Support groups are something of great importance for individuals living and caring for loves ones with Alzheimer’s disease. They provide members with much needed information and personal connections so that the emotionally taxing progression of Alzheimer’s disease can become a little less difficult. For Kathy Hamilton, the Oconomowoc support group has become much more than a few meetings.
Kathy began noticing changes in her husband Lee’s behavior six years ago. Because Kathy’s mother had Alzheimer’s disease earlier and she had attended another support group with her father, Kathy knew what to look for and caught it early. In search of support and knowledge, Kathy joined the Oconomowoc “Caregivers Support Group” one year ago. Since then, Kathy has found the Oconomowoc meetings to be much more beneficial than she had imagined.
The Oconomowoc support group is one of the most active in the Southeastern Wisconsin area. With group lunches, Christmas get-togethers, and phone and e-mail sharing for help anytime, the Oconomowoc support group has also become one of the largest in the area. When asked about why she returns month after month, Kathy said “definitely the information, the friendships I’ve gained, and the uplift of being among others who can understand what you are going through.” Kathy also said that the most important benefit for her has been “the feeling that you’re not out there alone, there’s others there that you can share with, it’s a warm fuzzy feeling.” There’s no question about whether the process of Alzheimer’s is a difficult one, and support groups can provide connections with others who can relate.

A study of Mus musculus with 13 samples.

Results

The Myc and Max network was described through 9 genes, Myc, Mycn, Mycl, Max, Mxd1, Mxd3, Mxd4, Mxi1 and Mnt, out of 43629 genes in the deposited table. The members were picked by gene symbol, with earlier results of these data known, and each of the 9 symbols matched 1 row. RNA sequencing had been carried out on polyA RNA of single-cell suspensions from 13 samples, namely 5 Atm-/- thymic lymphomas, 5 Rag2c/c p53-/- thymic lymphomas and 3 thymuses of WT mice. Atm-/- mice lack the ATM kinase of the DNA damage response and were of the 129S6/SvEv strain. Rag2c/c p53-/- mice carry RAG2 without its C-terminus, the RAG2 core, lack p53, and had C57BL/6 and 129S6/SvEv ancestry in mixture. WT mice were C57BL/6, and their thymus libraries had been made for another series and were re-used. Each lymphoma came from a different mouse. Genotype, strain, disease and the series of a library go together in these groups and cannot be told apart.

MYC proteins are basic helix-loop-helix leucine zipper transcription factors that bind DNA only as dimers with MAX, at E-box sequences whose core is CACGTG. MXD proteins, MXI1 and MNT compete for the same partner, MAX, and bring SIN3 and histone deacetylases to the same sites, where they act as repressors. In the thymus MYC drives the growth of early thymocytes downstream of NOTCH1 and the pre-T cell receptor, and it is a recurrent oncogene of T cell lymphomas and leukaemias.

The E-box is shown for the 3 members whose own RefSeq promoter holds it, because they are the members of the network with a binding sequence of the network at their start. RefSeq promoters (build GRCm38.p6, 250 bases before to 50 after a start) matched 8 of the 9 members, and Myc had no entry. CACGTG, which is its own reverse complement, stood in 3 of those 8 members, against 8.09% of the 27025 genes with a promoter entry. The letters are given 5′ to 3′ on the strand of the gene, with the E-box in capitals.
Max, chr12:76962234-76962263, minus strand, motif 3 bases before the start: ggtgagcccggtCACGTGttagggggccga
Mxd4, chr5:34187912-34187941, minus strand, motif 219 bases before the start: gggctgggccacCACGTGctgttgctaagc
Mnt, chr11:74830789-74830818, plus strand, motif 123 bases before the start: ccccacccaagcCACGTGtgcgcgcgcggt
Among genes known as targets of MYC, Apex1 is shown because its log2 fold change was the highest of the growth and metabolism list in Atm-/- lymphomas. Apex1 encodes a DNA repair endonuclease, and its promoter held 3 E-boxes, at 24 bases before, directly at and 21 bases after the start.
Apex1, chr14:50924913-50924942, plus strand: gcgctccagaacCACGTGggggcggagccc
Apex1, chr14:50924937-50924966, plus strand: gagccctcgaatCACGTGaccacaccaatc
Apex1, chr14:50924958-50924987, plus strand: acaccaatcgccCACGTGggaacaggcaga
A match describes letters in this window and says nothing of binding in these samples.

Kathy is planning on continuing her involvement in the Oconomowoc support group and said “I would miss it terribly if I couldn’t go.” The Oconomowoc caregivers have created something much more than a way to exchange information about the disease; they’ve bonded and have become an important part of each others lives. She is also planning on attending the Waukesha Walk to End Alzheimer’s with her son-in-law, Bill Riemer, this Saturday, September 14th in Frame Park.

Kathy is just one example of an individual whose life has been improved from attending one of the many support groups offered by the Alzheimer’s Association. Kathy urges everyone to get involved and support in any way, as everyone is touched by Alzheimer’s one way or another.



Alzheimer's Association

Our vision: A world without Alzheimer's disease®.
Formed in 1980, the Alzheimer's Association is the world's leading voluntary health organization in Alzheimer's care, support and research.